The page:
WILMINGTON, Del.—It may be difficult to imagine just how much science, not to mention rubber and plastic components, go into a golf ball. But global giant DuPont Co. believes that it has found the holy grail of golf balls with a new product comprised of ionomer resin technology.
DuPont's science is at the core of Nike Inc.'s next generation RZN golf ball (known as the resin black ball), which was designed to deliver more energy at impact for faster ball speed, longer distance and a more stable ball flight. Released commercially this spring and retailing at more than $40 per dozen, the Nike Golf RZN ball has “broken the linear relationship between soft and fast,” according to Janice Granato, DuPont Global Golf Ball segment director.
“For years, you have had soft balls, which are great around the green, and harder balls, which are perfect for distance,” she said. “But we have taken it a step further and now have the most advanced ball available.”
DuPont “broke the paradigm,” she said, with a new resin composition for golf ball cores that provides compression (softness) and speed for golf balls. Nike's proprietary Speedlock RZN core technology uses this revolutionary science of DuPont's highly engineered advanced ionomer resin technology to achieve both distance and control.
These balls are based on a patented, advanced ionomer technology that enables unprecedented levels of ionic crosslinking to deliver a combination of high resilience and low compression previously reserved for thermoset polybutadiene rubbers.
DuPont has been involved in developing the material science of golf balls for more than 50 years, helping to pioneer “cut resistant durability” in the 1960s and evolving into high-performing balls over the past decade, Granato said. The company provides material science for virtually all golf ball manufacturers, and has professionals dedicated to golf ball technology in three locations around the U.S.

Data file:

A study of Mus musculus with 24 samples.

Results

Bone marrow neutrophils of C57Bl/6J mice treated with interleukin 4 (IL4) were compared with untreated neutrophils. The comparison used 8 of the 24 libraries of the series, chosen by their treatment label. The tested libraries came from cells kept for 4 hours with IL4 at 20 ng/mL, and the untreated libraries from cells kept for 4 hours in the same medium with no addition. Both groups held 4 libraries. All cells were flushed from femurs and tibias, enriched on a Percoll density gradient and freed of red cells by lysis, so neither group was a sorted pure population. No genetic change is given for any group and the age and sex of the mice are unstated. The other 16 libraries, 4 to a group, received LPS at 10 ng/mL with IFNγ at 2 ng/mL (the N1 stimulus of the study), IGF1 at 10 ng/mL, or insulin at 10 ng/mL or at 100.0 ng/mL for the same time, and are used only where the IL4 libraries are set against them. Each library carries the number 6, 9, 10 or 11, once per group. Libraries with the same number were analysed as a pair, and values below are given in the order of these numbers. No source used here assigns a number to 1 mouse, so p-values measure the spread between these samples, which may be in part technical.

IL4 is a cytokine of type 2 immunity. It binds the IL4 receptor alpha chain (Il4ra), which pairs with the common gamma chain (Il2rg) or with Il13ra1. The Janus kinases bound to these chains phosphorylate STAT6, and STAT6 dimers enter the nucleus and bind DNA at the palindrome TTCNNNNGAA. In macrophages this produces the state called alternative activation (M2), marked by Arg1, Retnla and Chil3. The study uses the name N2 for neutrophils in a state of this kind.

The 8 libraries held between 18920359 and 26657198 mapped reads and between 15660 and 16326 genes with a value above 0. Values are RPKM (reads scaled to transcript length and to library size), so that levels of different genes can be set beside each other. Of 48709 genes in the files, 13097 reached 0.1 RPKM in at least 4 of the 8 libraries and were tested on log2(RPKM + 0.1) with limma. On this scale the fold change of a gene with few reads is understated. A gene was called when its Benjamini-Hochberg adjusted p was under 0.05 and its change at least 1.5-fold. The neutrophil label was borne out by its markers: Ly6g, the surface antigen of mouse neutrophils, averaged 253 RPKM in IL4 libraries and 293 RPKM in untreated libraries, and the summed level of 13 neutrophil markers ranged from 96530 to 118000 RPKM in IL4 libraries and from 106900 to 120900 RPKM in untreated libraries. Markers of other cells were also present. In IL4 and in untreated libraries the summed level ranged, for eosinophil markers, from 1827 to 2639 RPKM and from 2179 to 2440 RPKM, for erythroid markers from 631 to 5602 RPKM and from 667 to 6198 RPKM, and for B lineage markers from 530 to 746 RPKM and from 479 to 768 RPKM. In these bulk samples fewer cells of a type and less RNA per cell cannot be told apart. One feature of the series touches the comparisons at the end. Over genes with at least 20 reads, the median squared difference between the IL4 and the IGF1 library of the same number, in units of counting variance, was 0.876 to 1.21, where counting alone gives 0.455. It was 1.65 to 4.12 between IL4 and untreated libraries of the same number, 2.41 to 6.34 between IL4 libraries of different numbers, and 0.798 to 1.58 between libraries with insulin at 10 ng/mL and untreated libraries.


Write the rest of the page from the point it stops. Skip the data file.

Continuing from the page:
“It's a huge challenge because a significant breakthrough in new (golf ball technology) science can take many, many years,” she said. “This industry moves so quickly that we have to come up with new and exciting material science on an annual basis.”
Nike was the partner for DuPont for this particular golf ball project, but the company has deep relationships with others. Advertising campaigns have been developed and will be seen through the summer.
The advanced performance resin technology also offers the potential for improved sustainability in golf as up to 30 percent of the core material's weight is from renewably sourced content.
In a statement, Nike said the key to this design is core technology based on an interlocking design—with a surface area similar to that of a waffle iron—so the compression layer forms a tighter bond and helps promote better energy transfer at impact.
“We knew we hadn't pulled 100 percent of the energy that we could out of the existing RZN core,” said Rock Ishii, senior director, Nike Golf product development. “Working in partnership with DuPont, we were able to develop a softer and faster RZN material ... that means more distance, especially with fairway woods, irons and wedges, and softer feel and sound around the greens.”
The depth of technology with golf balls would shock any consumer, Granato said.
“That little white golf ball has many layers—multiple mantel layers, outer and inner cores. With each one of those layers, the golf ball manufacturers are responsible for the design science, and we are responsible for the material science,” she said. “It's an amazing combination of science and art. These are made of compressive materials that are very resilient from a thermoplastic standpoint.
“Our goal is not to compare against other materials but to provide what the market in general needs for golf balls. We try to come up with the material science to make it more fun for anyone—including a duffer like me—to play golf.”
Most golfers representing Nike Golf, including Europeans Rory McIlroy and Paul Casey, have used the ball in 2014.